Creating Healthy Friendships in Years 5 and 6

One of the key features of early adolescence is a growing focus on friends. Our pre-teens, in particular, start to explore their place in social networks, particularly at school. They become quite focused on what their peers think of them, social groups, and whether or not they belong.

As our kids are relatively unskilled in developing relationships and maintaining friendships, they often make mistakes. This inexperience, and their sometimes-impulsive behaviour, can lead to painful conflicts and disappointments. As uncomfortable as these incidents may be, they do provide us with opportunities to coach and guide children towards the skills needed in healthy relationships. This is learning for life.

At Santa Maria College, we know that healthy connections to friends is one of the most powerful protective factors available. Having people who truly hear and see us helps build positive mental health and resilience. For this reason, it is very important that we ensure our girls have the skills and understandings required for building healthy friendships.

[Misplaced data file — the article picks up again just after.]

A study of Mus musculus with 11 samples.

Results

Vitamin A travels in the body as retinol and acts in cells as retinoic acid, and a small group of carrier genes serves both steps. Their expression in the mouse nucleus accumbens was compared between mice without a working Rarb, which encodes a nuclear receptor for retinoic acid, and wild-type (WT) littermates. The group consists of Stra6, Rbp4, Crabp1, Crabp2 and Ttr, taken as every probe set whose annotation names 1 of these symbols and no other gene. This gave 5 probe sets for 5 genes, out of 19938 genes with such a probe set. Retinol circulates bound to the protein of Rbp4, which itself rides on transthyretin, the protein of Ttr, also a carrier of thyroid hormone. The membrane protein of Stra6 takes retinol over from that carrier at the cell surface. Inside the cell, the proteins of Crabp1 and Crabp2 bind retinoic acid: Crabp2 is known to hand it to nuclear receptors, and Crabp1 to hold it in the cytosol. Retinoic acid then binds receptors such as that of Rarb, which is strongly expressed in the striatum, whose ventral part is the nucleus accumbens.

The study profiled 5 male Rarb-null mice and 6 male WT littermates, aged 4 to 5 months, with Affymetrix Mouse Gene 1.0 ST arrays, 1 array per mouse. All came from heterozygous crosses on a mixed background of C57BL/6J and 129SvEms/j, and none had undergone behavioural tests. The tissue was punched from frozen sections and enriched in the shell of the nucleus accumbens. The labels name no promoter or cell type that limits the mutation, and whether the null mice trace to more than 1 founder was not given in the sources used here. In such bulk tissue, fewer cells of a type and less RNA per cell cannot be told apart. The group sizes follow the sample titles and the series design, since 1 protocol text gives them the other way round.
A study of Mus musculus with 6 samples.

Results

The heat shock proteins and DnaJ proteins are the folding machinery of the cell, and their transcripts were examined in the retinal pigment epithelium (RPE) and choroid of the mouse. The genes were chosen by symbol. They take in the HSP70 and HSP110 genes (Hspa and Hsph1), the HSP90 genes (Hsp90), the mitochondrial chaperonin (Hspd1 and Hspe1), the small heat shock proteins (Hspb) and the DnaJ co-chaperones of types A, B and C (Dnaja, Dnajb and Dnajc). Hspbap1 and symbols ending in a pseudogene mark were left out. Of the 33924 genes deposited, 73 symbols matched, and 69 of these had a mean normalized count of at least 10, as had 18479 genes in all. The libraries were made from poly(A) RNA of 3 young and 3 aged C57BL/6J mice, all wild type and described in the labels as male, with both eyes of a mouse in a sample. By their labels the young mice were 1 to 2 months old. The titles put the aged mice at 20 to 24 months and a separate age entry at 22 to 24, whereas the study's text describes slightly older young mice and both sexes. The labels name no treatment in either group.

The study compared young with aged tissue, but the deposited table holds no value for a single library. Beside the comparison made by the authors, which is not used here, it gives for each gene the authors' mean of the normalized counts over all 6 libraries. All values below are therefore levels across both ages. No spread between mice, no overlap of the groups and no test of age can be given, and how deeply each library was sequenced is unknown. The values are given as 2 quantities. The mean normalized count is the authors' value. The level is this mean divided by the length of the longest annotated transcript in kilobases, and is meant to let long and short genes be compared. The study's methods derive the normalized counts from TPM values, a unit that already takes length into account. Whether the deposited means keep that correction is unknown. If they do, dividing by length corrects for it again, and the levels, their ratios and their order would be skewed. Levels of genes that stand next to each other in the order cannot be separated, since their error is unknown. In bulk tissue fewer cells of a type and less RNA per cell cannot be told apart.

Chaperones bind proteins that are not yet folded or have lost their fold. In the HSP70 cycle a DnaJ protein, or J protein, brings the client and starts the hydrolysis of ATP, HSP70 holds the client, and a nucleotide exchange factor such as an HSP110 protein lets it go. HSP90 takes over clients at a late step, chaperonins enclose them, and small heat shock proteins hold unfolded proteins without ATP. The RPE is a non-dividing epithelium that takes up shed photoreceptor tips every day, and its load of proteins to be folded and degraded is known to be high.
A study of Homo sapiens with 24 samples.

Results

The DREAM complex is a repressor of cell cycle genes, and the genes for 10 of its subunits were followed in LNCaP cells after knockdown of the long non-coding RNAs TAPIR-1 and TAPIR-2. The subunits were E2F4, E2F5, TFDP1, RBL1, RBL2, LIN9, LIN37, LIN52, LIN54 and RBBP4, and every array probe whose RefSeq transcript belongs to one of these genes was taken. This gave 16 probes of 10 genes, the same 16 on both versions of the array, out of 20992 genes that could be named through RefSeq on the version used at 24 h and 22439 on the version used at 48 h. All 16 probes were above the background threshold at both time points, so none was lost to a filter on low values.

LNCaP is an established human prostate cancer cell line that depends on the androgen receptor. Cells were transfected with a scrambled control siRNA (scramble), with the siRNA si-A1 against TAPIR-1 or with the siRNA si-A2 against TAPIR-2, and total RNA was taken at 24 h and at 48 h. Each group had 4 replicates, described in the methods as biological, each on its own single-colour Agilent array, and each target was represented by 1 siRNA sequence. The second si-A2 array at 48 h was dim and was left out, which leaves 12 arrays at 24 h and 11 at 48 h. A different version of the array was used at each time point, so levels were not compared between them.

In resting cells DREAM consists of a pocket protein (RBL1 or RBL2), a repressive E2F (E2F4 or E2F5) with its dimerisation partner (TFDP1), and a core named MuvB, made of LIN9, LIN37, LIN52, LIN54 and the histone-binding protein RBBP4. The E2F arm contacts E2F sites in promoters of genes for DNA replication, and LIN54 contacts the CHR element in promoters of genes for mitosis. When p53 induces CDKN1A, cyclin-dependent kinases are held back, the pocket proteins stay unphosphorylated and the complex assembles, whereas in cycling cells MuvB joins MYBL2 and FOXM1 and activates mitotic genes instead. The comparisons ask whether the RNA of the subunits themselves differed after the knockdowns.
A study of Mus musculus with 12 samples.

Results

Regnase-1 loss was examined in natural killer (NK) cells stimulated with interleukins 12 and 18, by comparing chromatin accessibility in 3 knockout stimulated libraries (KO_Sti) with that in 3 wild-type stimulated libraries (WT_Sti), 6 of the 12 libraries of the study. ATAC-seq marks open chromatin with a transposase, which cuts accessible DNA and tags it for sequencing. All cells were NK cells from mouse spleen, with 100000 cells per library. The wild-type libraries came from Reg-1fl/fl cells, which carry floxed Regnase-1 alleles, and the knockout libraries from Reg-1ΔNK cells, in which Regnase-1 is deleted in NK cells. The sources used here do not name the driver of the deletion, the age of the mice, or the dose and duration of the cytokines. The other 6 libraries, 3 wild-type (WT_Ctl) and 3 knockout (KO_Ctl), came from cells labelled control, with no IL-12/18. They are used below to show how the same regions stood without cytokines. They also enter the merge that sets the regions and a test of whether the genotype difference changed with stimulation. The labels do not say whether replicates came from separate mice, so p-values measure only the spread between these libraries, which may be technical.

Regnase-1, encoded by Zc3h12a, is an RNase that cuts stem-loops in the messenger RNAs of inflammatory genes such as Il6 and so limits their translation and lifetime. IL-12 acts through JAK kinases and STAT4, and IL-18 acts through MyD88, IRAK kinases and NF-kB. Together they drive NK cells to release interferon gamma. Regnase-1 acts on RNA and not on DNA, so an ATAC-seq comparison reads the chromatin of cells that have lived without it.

To this end, and as part of our Mental Health Strategy, in Years 5 and 6 we run a friendship curriculum.

In Year 5, the girls have six lessons in Semester 1 with our Research Officer, Linda Stade. They cover ideas such as:

  • One best friend is never enough
  • Good gossip vs bad gossip
  • Step away from drama cyclones
  • Building friendships takes time
  • Friendships change over time, and sometimes they end, and that’s okay
  • The features and impact of relational aggression

In Year 6, girls begin their friendship lessons in Semester 2. They examine:

  • Miscommunication leading to conflict
  • Creating a culture of lifting each other up instead of tearing one another down
  • Being assertive as opposed to aggressive
  • Being an upstander instead of a bystander
  • The features and impact of relational aggression

After these lessons, in the more intimate setting of their own classrooms, the girls complete activities with their teachers to reinforce the new ideas Linda has presented.

Dean of Years 5 and 6, Joanna Ryan says, “Our friendship talks with Linda have been invaluable in helping the girls navigate situations that arise in their lives. The classroom activities immerse and reinforce the messages from Linda and the common language developed has allowed for meaningful discussion between staff and students.”